Humans of Appleton North: Regina Lobner

Sydney Pomrening, Contributor

In every student’s hectic commute, jogging from Net Games all the way upstairs to their AP Lang class, their class schedules are bound to guide them past the Environmental Science display case perched next to Mrs. Sadogierski’s room, sharing a three dimensional scene of flora and fauna.  The landscape popping off the page is a wonder for the eyes, but does it gauge any worth besides its aesthetic? By the end of her time here as a high school student, Regina Lobner, a junior at Appleton North, strives to change that.

“I’m gonna be adding informative signs to the Environmental Science display case. What I’ve always noticed about [the display case] is none of the plants or animals have an explanation. The official name of my project is Renovating and Educating.”

Regina spaces out time a few instances a month during her privilege hour to work on this renovation project with the advisory of Mrs. Sadogierski. The first objective of renovation was eliminating the dust that clings to every inch of glass, leaf, and feather (from Mt. Pheasant), and the second objective of education is printing signs to stick on those flowers and animals.  What type of educational aspects will be added?

“I’m also going to be explaining the ecosystem, like how this is a prairie and then maps of how little prairie is left in Wisconsin due to farming and how this is an example of oak savanna, another type of prairie.  Those signs are going to be lots of different things — I’ve only got the facts about the different animals done so far, but it’ll be a broad spectrum in the end.”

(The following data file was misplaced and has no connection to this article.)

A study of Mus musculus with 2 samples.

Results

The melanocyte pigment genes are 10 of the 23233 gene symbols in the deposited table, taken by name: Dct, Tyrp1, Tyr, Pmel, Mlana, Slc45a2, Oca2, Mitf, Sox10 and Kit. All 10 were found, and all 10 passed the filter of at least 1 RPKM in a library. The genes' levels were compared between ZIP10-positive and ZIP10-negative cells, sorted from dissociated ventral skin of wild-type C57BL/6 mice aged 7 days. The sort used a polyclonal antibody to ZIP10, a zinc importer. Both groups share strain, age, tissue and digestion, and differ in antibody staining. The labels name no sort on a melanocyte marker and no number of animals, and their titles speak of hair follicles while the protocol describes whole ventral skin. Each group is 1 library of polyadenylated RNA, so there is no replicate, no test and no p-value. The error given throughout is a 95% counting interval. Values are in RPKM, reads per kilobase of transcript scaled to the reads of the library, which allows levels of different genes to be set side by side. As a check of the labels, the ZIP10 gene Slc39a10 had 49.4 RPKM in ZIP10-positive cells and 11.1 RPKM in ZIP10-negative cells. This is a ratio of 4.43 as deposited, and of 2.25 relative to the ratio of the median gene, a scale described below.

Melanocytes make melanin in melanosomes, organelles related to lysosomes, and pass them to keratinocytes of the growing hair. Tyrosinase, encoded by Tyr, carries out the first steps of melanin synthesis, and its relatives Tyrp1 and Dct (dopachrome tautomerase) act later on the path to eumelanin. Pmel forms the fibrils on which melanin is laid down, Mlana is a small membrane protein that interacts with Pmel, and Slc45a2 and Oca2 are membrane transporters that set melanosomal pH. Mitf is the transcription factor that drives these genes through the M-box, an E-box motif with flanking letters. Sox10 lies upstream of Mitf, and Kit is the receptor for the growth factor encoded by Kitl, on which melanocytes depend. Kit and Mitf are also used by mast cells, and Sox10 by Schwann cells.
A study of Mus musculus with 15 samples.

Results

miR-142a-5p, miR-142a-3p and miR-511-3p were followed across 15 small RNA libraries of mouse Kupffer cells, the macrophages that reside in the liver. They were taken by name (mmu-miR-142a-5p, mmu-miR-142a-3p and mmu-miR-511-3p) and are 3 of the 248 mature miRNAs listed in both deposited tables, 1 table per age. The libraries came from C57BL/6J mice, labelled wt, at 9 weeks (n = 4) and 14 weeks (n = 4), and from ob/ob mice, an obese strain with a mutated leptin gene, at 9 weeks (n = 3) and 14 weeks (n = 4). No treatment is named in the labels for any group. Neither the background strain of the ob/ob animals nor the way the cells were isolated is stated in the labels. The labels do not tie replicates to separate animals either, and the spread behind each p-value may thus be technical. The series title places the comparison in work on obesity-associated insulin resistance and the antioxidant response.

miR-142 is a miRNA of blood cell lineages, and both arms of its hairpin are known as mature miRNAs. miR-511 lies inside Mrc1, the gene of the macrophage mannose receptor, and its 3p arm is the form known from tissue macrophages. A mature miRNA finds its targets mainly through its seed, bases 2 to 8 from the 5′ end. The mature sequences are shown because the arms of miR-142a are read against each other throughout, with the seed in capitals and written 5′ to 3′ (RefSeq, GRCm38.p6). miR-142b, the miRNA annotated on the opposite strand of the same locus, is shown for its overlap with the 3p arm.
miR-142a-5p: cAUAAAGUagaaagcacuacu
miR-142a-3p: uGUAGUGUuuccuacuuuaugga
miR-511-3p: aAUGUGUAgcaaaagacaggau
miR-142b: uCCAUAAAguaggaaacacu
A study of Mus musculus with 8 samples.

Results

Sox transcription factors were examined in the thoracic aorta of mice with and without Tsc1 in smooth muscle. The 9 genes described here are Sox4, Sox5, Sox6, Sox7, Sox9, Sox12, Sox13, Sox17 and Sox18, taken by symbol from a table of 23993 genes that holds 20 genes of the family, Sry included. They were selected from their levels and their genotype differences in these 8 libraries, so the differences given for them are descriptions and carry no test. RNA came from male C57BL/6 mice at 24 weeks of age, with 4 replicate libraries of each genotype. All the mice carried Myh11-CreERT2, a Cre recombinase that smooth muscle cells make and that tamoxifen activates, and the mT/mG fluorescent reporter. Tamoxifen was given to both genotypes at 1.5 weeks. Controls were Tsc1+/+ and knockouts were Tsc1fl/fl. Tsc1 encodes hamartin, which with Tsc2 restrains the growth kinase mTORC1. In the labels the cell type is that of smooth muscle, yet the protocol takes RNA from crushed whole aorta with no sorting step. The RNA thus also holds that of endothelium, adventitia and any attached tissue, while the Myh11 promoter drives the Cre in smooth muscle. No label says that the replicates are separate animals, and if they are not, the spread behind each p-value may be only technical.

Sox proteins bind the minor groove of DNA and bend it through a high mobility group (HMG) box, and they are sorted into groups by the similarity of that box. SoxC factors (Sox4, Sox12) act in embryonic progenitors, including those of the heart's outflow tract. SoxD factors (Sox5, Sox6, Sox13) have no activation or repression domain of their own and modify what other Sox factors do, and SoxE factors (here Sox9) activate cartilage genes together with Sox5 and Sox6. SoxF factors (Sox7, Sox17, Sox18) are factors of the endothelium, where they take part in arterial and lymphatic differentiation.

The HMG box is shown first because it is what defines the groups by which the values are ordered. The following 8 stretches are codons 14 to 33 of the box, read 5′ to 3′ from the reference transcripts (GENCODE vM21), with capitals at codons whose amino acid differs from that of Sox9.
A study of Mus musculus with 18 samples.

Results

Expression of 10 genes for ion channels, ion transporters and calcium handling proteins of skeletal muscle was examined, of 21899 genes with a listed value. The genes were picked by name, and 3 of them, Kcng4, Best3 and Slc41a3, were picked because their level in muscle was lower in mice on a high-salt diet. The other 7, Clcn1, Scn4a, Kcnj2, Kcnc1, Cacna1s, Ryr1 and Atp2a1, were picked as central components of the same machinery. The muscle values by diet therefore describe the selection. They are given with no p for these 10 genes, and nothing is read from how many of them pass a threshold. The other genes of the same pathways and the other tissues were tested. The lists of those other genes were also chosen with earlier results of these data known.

A little taste was given through the decay, while Regina shook down rotten leaves from the net tacked to the ceiling.

“Lichen is a cross between a fungus and a plant that grows on trees.  You know Devil’s place by Wisconsin Dells?  There’s a little tiny spot next to Devil’s Lake where nobody is allowed to preserve the lichen there. You can only find a couple of them in the world. Gotta protect those rare lichens, man,” says Regina. “My interest is mainly education. I’ve had the most of my exposure through volunteering at Buboltz.  I help teach summer classes there so I’ve gotten a lot of education experience from there and I really enjoy that. I’m hoping that college will expose me to a lot more, but right now, it’s definitely education.”

Regina’s purpose for this project not only follows her love of learning about and teaching environmental science, but her dedication to Girl Scouts.

“I’m doing this for something called my Girl Scout Gold Award which is the best thing you can do when you’re a girl scout, the top notch achievement of being a Girl Scout is getting your gold award. It’s not easy.  You have to have a very comprehensive project, and you have to get it approved by several Girl Scout Committee members, and you have to do two projects prior to this one. You have to do your Girl Scout Bronze and Girl Scout Silvers. For my Bronze, I planted a tree at the YMCA, and for Silver, I planted a rain garden with over seven hundred plants at the Girl Scout Service Center. Those two were done with my troop while Girl Scout Gold has to be done as a solo project. For the Girl Scout Gold award, you have to have an advisor who is not your troop leader who can mentor you and give you advice. That’s Mrs. Sadogierski for me. I’m doing this because this display sat as wasted space that deserves to have something cool in it. I wanted to add some educational signs and clean it up a bit and make it a useful part of the school.”